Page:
Whatever Happened To Dunkin's 'Time To Make The Donuts' Commercial Guy?

Although Michael Vale had long aspired to be a serious actor — he studied at the Dramatic Workshop in New York alongside Rod Steiger and Ben Gazzara (via CNN) — it is not one of his numerous Broadway roles or even his handful of movie appearances that earned him lasting fame. Instead, Vale will live on in the minds and even the hearts of all those pre-millennials who will forever remember him as the weary baker who dragged himself out of bed every day in the pre-dawn hours throughout the '80s and' 90s because it was "time to make the donuts."

How Michael Vale landed his most memorable role

In 1982, Dunkin' (then known as Dunkin' Donuts) held auditions for a new ad campaign it wanted to launch that would feature a hard-working donut maker named Fred. While over 300 aspiring thespians answered the call, among them well-known character actor Lou Jacobi, there was only one applicant who blew the ad men away. As Ron Berger, who created the campaign, recalls it, "As soon as Michael Vale walked into the bathroom in his pajamas and said, 'Time to make the doughnuts, time to make the doughnuts,' we knew."

Pretty soon "Fred the Baker" would join the pantheon of legendary advertising icons, along with the Maytag Repairman and Madge the Manicurist who inexplicably soaked customers' hands in Palmolive dish detergent. Too young to remember? Think Flo from Progressive, and you're on the right track. In fact, that whole "time to make the donuts" catchphrase soon extended well beyond the advertising world to the point where it was even used as the title for Dunkin' Donuts founder William Rosenberg's 2001 autobiography (via the Los Angeles Times).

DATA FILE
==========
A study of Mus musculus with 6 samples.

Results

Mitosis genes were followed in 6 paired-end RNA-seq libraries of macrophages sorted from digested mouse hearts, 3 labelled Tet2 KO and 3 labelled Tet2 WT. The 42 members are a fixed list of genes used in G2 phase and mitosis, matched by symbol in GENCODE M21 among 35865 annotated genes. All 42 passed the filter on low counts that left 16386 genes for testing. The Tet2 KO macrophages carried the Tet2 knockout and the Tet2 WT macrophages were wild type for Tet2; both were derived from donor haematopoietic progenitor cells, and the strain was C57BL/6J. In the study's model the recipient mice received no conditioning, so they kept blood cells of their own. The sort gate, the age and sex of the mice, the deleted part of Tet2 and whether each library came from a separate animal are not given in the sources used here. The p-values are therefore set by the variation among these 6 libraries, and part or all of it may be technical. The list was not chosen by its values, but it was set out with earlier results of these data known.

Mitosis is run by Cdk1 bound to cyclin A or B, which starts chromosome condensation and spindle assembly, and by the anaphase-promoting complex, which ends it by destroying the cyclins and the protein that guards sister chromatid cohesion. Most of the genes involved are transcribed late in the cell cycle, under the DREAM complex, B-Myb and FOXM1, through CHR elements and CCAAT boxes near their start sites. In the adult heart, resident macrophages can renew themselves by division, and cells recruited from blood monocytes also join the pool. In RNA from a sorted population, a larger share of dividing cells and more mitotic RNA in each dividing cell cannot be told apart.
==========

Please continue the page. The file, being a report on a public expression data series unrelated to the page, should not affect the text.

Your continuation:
When 'Fred the Baker' finally retired

Michael Vale kept on making those metaphorical donuts for 14 years. When Dunkin' decided it was time for a new ad campaign in 1997, they surveyed customers to find out how they'd react to the departure of everyone's favorite early riser. Fred fans asked that the baker be allowed to bow out with dignity, so the company staged an official retirement party for him complete with a parade in Boston and 6 million free donuts given away. In fact, prior to retiring, Fred was even offered sage advice and counseling (via advertisements, of course) from such also-retired luminaries as politician Bob Dole and athletes Larry Bird, Mary Lou Retton, and Sugar Ray Leonard. Fred, or Vale, was also awarded an emeritus position as "Dunkin' Ambassador" in charge of repping the brand at charitable events.

When Vale finally passed away in 2005 at the age of 83, a Dunkin' spokesperson eulogized his Fred character as "a beloved American icon that permeated our culture and touched millions with his sense of humor and humble nature" (via CBS News).